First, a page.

Have Fun Building a Screened In Porch
On Your Existing Porch or Deck
If you are building a screened in porch on an existing porch, use our helpful tips to become better informed.
This is a project that can be done by the average do-it-yourselfer and requires basic carpentry tools in most cases.
What if you are not very handy? No worries.
And because it requires minimal carpentry work, hopefully it will be very affordable.
Click here to find a local contractor to assist or do the job for you.
Custom designed screen porch by The Porch Company of Nashville TN
The information on this page is solely intended to give you the basic steps required to build a screen porch on an existing porch or deck. Every porch is different in some way so it is impossible to address every issue here.
After reading through our steps, you should be able to decide if you can do it yourself or if you should hire a qualified, experienced contractor instead.
This material is not a "how-to" guide. Use it for information only.
Steps to Building a Screened In Porch on Your Deck
Step 1 - Have a Screen Porch PlanTo build a screened porch from an existing porch, you must start with a plan. Here are some porch plans popular with our readers. Your plan for building a screened in porch need not be too detailed at this point but should contain at least a basic scale drawing and measurements (very important).
If you don't have a plan, Mary and I recommend you check out our Screen Porch Plans Section; you will be surprised at the many options you have (like the one at right).
You can use these as is or modify them to fit your needs.
Note the width between existing columns. This distance will either be spanned by a screen frame or divided to accommodate two or more screen frames.
The picture at right, courtesy of Telian Construction Company, shows the space between the columns divided to accommodate two screen frames above a knee wall.
When building a screened in porch you have options. For example, you could have as easily divided this same space from ceiling to floor and not used a knee wall or you could have installed a railing instead.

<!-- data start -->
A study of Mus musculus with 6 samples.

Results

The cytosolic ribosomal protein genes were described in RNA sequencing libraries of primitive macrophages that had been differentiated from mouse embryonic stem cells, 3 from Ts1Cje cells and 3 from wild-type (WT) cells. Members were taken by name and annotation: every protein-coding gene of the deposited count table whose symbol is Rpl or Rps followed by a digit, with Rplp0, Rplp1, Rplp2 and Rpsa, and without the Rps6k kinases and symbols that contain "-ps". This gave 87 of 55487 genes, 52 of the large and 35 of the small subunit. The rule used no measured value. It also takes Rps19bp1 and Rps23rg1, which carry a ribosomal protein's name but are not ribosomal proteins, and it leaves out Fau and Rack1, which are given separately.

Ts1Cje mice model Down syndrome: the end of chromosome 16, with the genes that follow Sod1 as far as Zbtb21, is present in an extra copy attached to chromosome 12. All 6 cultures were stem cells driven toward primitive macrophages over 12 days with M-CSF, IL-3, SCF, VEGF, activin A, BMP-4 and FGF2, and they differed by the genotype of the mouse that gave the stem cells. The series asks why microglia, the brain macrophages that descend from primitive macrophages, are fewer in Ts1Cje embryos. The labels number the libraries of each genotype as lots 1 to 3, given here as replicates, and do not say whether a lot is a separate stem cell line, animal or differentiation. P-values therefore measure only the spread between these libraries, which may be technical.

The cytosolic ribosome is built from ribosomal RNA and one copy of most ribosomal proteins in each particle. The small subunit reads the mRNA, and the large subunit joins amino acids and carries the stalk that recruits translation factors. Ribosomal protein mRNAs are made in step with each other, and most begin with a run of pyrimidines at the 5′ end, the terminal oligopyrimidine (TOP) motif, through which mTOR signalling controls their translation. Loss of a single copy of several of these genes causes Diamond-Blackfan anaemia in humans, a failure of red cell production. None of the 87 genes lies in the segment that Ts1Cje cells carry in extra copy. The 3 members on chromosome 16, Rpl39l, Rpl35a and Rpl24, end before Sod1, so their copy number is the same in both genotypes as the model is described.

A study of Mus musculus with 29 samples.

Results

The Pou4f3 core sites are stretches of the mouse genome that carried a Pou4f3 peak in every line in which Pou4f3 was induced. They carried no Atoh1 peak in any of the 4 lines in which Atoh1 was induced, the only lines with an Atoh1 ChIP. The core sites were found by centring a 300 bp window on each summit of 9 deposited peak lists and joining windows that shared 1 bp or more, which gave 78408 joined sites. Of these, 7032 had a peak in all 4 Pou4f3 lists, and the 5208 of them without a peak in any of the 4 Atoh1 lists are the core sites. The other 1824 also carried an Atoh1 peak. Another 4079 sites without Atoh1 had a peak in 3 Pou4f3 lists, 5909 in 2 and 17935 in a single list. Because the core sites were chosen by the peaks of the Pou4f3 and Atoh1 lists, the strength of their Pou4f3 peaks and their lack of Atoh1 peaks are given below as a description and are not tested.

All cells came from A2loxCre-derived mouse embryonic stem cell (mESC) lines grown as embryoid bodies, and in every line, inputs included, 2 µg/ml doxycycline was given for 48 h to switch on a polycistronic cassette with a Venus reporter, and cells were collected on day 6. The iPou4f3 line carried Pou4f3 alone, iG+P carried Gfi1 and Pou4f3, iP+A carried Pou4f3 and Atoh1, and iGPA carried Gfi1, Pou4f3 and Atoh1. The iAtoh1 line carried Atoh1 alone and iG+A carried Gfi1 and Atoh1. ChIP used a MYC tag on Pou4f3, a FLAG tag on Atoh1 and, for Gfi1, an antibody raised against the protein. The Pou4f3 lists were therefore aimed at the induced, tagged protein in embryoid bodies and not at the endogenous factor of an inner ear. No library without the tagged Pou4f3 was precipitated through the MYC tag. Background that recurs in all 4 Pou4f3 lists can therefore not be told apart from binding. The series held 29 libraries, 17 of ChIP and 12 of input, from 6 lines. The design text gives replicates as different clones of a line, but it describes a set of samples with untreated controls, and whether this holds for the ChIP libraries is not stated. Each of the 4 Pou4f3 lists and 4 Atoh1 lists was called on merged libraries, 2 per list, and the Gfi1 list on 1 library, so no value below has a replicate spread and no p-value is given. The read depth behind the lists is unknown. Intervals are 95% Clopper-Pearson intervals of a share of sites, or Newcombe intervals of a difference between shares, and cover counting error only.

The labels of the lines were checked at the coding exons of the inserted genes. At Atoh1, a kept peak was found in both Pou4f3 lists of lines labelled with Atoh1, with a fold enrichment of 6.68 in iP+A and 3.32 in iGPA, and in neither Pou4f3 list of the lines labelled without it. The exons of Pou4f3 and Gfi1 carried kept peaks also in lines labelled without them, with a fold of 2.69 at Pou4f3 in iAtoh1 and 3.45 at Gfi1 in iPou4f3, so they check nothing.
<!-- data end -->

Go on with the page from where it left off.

IMPORTANT TIP: If you plan to make it a 3-season porch in the future, you will need to ensure your framing is more substantial in order to replace screen panels with glass panel inserts.
Step 2 - Codes, Building Permits, Home Owner AssociationsConsult your local codes department if you are building a screened in porch to see if you need to pull any permits. Chances are you won’t need any to build a screened porch unless you are adding additional electrical or structural features.
Also check with your homeowner's association and read your subdivision's covenants if that applies to you. Be a good neighbor and potentially save yourself a lot of grief!
If you are hesitant about consulting with your codes department please read our page on what you need to know about building permits before proceeding.
When building a screened in porch or other structures, building permits not only protect you but can also save you money.
Step 3 - Determine If You Need Railings or Knee WallIf you have a balustrade (railings) or knee wall (a solid bottom portion) on your porch decide if you are going to keep it.
Exterior siding is placed over the framing to create a knee wall on the screened in porch at right. The picture at top of page shows screened porch with a railing instead.
For safety reasons and to comply with building codes, your porch most likely will require some type of safety railing.
IMPORTANT TIP : Take precautions when building a screened in porch especially if your porch is elevated.
A screen will not stop a child (or pets) from running through it.
It's possible to retain the railings and build to the outside of them; however, in some cases you might have to remove the railings, build your screening, and then reinstall the railings.
Otherwise, you can attach screen frames directly to your porch columns and floor.
Step 4 - Choose Your Screening MaterialDetermine your screening material. Use our handy screening materials guide to acquaint you with several options for selecting the right screening for your porch.
There's screening available to meet every need, from preventing no-see-um bites to handling rowdy pets!
Next determine the width of the materials and compare that to your column widths in Step 1 above. You will need to build the frames accordingly to fit your design.
IMPORTANT TIP : It's usually more convenient and cost effective to use standard sizes when building a screened in porch rather than custom fitting your frames.
However, see our favorite option below.
My favorite option: Purchase screen framing kits.
This avoids having to build your own frames which may not last as long and also require some skill to make. A wide range of screen frame colors are available and vary by size frame. They are designed for easy installation so that almost anyone can use them.
Heavier gauge screen frames are available for applications such as solar screens and very large screens when no cross bar is desired to interfere with the view. Use heavier gauge frames when you are spanning long distances.
How About Screens that Are Retractable?
Consider retractable screens also!
If you're planning for a screened in porch, one option to consider is retractable screens.
Why retractable? Because then you can decide whether you want the screens down - or up for total fresh air.
Please stop by our retractable screens page please to explore this type of screens for your porch.